I am a grown woman who does not need a lamp shaped like a baguette. And yet, it’s been six months since I first laid eyes on Pampshade’s bread-inspired light fixtures, and I’m still experiencing a serious carb craving. The ingenuity really gets me: A functioning lamp, made out of real bread? What a world we live in.
Carb-related decor seems to be popping up more frequently, with certain niche products enjoying a kind of internet fame usually reserved for items with certified designer backing. Take, for example, Smoko’s adorable dumpling ambient light. Or how about the bread pillow that took the Amazon bestseller list by storm?
For Yukiko Morita, the artist behind Pampshade, it all boils down to a very simple (and relatable) passion for bread. The inspiration for the designs came to her while she was working at a bakery and noticed all the unsold bread going to waste. “The more I [got to know] the bread, the more I fell in love with its beauty and power,” she says. Asked who her target consumer for the carb creations is, Morita has a similarly uncomplicated response: “People who love bread. I would be really happy if someone who ‘just likes bread’ could be changed to [think], ‘bread is amazing!’ via my Pampshade,” says the artist.
The whole thing is very wholesome. Carb decor may just be the most literal manifestation of a growing design movement that champions irreverent, tongue-in-cheek decor; design that is playful, doesn’t take itself too seriously, and is above all else personal. Everything about these bread-inspired products has this in spades.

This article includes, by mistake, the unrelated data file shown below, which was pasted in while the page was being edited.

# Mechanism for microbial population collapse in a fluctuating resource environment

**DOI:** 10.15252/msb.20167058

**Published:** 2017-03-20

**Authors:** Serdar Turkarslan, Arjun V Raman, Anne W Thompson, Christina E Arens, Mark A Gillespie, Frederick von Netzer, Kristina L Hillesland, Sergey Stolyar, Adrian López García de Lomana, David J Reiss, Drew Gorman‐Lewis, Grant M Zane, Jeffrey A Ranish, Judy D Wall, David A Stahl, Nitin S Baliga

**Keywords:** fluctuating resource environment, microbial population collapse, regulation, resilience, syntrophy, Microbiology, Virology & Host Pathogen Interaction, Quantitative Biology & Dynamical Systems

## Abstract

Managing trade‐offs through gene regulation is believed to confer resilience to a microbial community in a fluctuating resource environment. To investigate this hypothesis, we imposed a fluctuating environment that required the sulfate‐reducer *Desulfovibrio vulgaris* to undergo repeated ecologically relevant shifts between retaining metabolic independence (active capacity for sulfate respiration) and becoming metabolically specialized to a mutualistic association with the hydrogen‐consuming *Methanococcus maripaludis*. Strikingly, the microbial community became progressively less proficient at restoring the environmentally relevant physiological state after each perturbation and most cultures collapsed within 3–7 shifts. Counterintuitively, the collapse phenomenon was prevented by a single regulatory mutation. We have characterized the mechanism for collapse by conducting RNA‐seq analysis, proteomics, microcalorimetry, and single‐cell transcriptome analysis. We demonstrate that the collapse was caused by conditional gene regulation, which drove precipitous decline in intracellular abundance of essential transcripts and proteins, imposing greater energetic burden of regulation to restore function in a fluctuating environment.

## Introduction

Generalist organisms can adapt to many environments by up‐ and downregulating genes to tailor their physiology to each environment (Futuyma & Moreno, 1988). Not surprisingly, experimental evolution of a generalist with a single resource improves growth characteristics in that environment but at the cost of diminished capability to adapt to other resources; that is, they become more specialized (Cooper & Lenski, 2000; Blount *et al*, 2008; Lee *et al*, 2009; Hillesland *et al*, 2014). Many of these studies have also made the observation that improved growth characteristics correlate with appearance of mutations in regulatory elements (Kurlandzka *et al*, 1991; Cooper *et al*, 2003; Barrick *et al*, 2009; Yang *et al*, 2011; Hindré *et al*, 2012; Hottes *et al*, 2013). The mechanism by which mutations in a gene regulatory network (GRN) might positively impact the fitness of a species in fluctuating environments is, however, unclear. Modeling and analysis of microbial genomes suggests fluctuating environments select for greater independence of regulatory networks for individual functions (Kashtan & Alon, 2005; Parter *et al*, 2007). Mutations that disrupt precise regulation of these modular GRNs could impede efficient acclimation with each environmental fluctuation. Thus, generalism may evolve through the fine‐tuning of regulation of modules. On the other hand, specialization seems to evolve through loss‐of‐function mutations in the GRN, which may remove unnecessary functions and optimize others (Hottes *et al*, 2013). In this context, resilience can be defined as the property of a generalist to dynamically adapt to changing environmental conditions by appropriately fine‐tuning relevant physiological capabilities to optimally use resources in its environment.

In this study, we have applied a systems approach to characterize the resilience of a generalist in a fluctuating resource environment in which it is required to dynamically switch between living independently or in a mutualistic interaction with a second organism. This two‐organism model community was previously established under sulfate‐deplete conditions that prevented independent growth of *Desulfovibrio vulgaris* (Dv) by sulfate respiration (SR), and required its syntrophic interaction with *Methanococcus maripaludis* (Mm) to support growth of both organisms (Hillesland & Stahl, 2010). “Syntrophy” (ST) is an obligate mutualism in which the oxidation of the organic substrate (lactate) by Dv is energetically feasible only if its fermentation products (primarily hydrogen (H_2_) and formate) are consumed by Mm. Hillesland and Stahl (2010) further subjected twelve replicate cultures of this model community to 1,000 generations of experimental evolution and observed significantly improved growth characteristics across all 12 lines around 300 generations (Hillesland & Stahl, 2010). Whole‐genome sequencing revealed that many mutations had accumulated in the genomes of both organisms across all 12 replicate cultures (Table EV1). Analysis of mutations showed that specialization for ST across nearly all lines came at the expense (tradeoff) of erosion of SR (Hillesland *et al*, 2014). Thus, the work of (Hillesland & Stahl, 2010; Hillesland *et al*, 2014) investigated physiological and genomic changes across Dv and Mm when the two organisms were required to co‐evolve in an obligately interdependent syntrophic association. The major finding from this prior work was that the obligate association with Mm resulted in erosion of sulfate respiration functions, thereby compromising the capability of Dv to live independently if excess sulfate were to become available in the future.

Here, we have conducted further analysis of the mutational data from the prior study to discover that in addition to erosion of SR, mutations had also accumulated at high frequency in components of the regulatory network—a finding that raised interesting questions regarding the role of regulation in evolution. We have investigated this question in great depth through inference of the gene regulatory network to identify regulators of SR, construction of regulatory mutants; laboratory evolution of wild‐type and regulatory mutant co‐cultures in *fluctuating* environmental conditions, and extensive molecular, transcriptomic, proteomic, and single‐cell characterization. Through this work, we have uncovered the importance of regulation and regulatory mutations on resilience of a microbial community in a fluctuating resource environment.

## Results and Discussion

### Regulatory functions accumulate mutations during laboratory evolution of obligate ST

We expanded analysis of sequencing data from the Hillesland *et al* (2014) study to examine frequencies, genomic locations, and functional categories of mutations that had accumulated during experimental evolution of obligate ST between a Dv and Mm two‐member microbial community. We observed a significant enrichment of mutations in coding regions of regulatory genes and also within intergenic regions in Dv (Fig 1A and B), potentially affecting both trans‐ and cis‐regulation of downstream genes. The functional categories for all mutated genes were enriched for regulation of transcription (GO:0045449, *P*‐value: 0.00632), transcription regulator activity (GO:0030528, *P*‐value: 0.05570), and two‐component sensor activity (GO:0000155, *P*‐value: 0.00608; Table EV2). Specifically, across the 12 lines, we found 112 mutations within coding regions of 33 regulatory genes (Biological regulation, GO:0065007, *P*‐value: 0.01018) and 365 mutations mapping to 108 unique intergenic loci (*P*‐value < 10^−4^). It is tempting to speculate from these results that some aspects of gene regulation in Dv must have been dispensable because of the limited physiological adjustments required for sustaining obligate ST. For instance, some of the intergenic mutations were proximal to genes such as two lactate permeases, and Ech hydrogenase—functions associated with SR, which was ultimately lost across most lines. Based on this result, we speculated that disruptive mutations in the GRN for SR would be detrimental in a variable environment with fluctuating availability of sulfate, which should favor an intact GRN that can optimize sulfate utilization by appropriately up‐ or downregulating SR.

Even the product description for Smoko’s dumpling light, which will have you wanting to adopt it as a pet, exhibits this mentality: “His glow creates an atmosphere reminiscent of a romantic candlelit dinner. Except it’s just you, eating dumplings alone while watching Netflix.” Personally, I feel both called out by and instantly drawn to this little lamp, which says something in its own right. I can’t remember the last time I laughed out loud at a product description—likely because that would make me look like a maniac, but also because I (as I suspect is the case with many) have been conditioned to consider functionality first when it comes to buying home goods rather than the emotional response they elicit. Perhaps the virality of carb decor proves that we’re ready to shift away from this approach to design.
“I think people who are tired of such common products seek products with a story. Products that have a story enrich people’s lives.”
That’s certainly Morita’s theory on the matter. “Mass-produced products are helpful for people’s lives, however, they have no further meaning because they are already overflowing in the world,” she explains. “I think people who are tired of such common products seek products with a story. Products that have a story enrich people’s lives.”
While this niche trend doesn’t mean that sleek minimalism or high-end design is disappearing, its prevalence does seem to indicate that, as a whole, we’re ready to have more fun at home. If you want to have a croissant lamp perched above a bread-shaped pillow, go for it. After all, your home should make you happy, and what is carb decor if not comfort food for your home? We could all stand to indulge a little.